Gender Stereotyping and Eating Disorders

Before I continue on with this final post of Psych 13, I just want to say that I have found this course to be very engaging and the concepts easy to apply to everyday life! I know summertime always seems to fly by, but the last six weeks have really gone by in the blink of an eye. I can definitely say that I am looking forward to the psychology courses that I will take in the future as I progress through my college career. In fact, this was my first ever college-level course (I will officially be a Freshman next month) and this course was a great way to kick it off!

My inspiration for this week’s post is based off of the Buzzed article linked in the most recent post on our class blog.

Particularly, I find number 11 on the list (with the girls’ onesie displaying the words “I hate my thighs”) very troubling. This message pretty much shows an EXPECTATION that most girls will grow up to loathe their bodies, when most of the problem is from such environmental factors! Sure, there can be a link be a genetic link for eating disorders within families, but they can be reasonably attributed to external forces within society. These forces, especially due to the rise of social media, can include photoshopped “fitspiration” pictures, triggering sayings, bullying about one’s weight/appearance, etc. The onesie basically normalizes this serious mental condition and makes a joke about the seriousness of it.

The stereotype here (that most young women deal with eating disorders) has sadly been true for so many women that now society pretty much projects the same beliefs and behaviors onto others, almost unconsciously. In some ways it is done consciously though, in the way in which clothes are marketed and models are so highly praised for their unattainable looks. Overall, idealized body images for women do go in cycles, but their will always be a “gold standard” to try to achieve at any time period. Stereotypes about women and eating disorders don’t always hold true, but unfortunately they commonly are–thanks to societal influences! A main issue with this stereotype, however, is that since this issue is so prevalent, many people don’t get help. I understand that the disorder itself is partially to blame for this, but since so many of one’s peers deal with the same feelings, a person may not think of the disorder (and its terrible health consequences) as “such a big deal”.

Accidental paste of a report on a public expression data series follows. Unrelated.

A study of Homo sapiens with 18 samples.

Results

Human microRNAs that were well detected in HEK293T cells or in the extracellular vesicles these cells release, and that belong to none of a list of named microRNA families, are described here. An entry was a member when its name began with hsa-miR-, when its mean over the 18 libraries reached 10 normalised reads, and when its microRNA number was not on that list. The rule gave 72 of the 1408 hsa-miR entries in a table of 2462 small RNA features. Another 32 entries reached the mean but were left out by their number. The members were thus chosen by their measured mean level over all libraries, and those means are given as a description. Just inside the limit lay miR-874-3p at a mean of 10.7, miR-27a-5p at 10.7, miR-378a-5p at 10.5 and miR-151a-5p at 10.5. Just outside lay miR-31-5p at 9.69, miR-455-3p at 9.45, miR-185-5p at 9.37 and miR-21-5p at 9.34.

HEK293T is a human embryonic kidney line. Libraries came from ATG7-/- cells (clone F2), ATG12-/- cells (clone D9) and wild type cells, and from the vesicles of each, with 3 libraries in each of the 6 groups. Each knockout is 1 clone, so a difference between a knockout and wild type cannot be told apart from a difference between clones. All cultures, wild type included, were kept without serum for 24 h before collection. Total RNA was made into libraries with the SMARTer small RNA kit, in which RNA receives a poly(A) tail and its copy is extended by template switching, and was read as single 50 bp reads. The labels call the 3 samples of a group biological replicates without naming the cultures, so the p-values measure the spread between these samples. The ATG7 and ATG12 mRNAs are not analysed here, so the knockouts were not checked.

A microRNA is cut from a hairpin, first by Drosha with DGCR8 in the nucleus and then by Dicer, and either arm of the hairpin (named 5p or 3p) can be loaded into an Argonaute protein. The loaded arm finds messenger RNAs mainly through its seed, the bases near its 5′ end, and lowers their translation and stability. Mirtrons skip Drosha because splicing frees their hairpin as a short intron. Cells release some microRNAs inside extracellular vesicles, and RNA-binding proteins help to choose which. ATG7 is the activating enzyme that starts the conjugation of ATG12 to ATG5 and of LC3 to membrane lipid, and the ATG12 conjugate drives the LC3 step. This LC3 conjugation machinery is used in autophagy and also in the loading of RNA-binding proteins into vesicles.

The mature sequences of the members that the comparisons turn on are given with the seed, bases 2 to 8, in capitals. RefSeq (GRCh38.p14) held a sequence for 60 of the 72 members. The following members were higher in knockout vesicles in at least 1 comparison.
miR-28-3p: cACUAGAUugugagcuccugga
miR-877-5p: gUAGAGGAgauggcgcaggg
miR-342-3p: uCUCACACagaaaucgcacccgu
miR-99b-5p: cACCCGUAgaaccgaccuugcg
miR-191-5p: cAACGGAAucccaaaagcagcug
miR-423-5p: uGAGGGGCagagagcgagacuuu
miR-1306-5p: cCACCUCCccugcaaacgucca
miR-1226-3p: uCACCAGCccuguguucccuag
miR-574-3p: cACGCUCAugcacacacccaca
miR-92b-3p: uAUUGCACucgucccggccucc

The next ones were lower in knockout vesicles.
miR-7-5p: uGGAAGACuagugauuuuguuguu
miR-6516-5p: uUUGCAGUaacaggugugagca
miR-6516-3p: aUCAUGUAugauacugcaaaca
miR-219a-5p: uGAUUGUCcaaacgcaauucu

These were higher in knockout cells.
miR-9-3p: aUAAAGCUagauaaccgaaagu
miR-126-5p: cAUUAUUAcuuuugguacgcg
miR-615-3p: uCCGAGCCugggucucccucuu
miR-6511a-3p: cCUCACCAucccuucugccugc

Another stereotype that relates to eating disorders is that it only effects women and rarely ever men. But in fact, there are many cases (though historically not reported nearly as much) in which men fall victim to eating disorders as well. Just as women try to be as thin and toned as possible, men may feel the need to be as “ripped” and muscular and strong as possible. Men aren’t immune from stereotypes after all. Men are generally expected to be tall and lean and athletic and “better” than others in many ways, with looks being no exception. Especially since men are expected to conceal their emotions and not be so forthcoming with their struggles, many don’t get the medical help their need to deal with their eating disorders. Yet another example of how stereotypes are harmful.

Overall, stereotypes are simply a menace to their victims’ mental and physical well-being.